When I was in academia there was more or less one path: from grad student to post-doc to getting your own group and eventually becoming a tenured professor. Now that I'm a scientist in industry, there's what feels like an infinite number of options and where I am it's really encouraged to figure out what your path will be and to take steps to advance on your path. When work was kind of quiet over the summer, I realized that I missed knowing what my ultimate goal would be. I missed that star on the horizon that I could look at to keep me going when things get tough (which in my case is when things get boring I discovered). But what is my ultimate goal? I can picture myself in a number of different jobs and I'm talking to people now and then to find out what their jobs actually entail (revelation: project leader sounds cool, but in reality means keeping track of budgets and all sorts of other bureaucracy). I recently saw the image below being shared and I think this is what I need to figure out: what do I like, what am I good at and what does my company need? What I don't know yet is how you're supposed to find these things out about yourself... to be continued.
Archive for: September, 2015
Sometimes I'd like to write more about the day to day things that happen in my job but a lot of those things are not mine to share on the internet. So let's try the following for a change:
A scientist and a marketeer went on vacation together. The weather was mixed, some days were nice, others not so much. When they come back, someone asks them: "how was the weather?"
To which the scientist answers:"On 2 out of 14 days it rained for more than 8 hours. In total, there was 20 mm of precipitation, of which 2 was from hail and the rest from rain. On 5 days it was predominantly sunny. The average humidity was 82%. The wind came from the east and in the second week turned to the south east at 15-20 km/h. Wait, let me show you a powerpoint with figures summarizing ALL TEH DATA!"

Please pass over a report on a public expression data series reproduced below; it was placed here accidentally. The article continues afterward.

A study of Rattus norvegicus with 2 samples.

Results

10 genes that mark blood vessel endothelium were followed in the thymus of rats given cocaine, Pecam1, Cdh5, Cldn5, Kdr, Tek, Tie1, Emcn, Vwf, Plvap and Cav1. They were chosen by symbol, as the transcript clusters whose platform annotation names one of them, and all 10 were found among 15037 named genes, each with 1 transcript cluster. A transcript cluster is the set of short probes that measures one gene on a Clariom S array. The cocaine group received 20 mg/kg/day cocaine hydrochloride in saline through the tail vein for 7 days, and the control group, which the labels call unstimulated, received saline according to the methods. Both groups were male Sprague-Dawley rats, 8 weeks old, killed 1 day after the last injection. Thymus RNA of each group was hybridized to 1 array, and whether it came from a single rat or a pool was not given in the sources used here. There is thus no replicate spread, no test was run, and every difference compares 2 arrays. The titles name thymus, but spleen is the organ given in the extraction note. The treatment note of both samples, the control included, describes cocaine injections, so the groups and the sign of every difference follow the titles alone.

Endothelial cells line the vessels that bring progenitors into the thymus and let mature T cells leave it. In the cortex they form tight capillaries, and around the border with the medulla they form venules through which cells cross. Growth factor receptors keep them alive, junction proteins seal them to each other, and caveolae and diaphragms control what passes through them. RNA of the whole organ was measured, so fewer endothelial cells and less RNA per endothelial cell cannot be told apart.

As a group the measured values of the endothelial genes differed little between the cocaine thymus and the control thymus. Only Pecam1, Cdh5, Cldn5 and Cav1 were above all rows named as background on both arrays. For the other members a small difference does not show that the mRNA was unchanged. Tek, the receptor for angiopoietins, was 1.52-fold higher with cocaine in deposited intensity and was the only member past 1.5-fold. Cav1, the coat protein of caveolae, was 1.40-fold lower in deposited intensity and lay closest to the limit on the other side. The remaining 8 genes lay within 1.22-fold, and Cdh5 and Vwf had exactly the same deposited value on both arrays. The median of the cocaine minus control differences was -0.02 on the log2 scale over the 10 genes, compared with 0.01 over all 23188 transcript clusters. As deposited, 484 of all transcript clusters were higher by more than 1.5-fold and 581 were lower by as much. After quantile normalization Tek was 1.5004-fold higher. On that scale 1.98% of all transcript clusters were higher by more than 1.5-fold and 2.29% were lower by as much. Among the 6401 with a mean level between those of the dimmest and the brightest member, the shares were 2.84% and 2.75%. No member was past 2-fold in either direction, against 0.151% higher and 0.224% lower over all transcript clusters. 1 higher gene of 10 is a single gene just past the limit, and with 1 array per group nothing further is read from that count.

To the same question, the marketeer answers:"It was sunny!"
The other day I wrote about how the following thing happened. As many people have pointed out: a. it is hard to distinguish exactly who the idea-owner was, and if so, this is not that important, and b. I should have said something earlier. Looking back, I clearly see what I should have done differently:
First, while we were brainstorming about what I could write my fellowship about, I should have asked if our stuff would be different enough. Perhaps I should have even asked if they were okay with me proposing this, as they may have felt it was close to their research-niche. I guess being open about this, rather than assuming someone would speak up about this could have avoided this situation.
Next, when they told me after I had just joined the lab that they were performing these experiments, I should have said something other than "Oh. Okay", which is what I said because I was so surprised. I should have expressed my surprise and have a conversation about how to move forward. Instead, I never said anything because I was afraid I would get upset and cry about it. And the longer I waited with saying something, the more upset I got about it.
So the biggest lesson here was that it is important to immediately have a conversation about things like this, instead of just whine about it on the internet.
A couple years ago I was applying for personal fellowships to return to the homecountry and work in a PI's lab in order to set up my own group within their bigger lab (which is how things usually go in the homecountry). I talked to a junior groupleader (JG) in this lab and we brainstormed about what I would write in my fellowship. I wrote the fellowship and asked JG for feedback because they had experience with said fellowship. I submitted the fellowship and it got rejected. Twice. Then I moved back to the homecountry and JG told me they were doing one of the experiments that I had proposed in my fellowship. And recently I saw that they had published the results. Aim 1 of my fellowship is done. But not by me. If this doesn't make you a disgruntledpostdoc, I don't know what does.
What is the worst academic backstabbing you have experienced?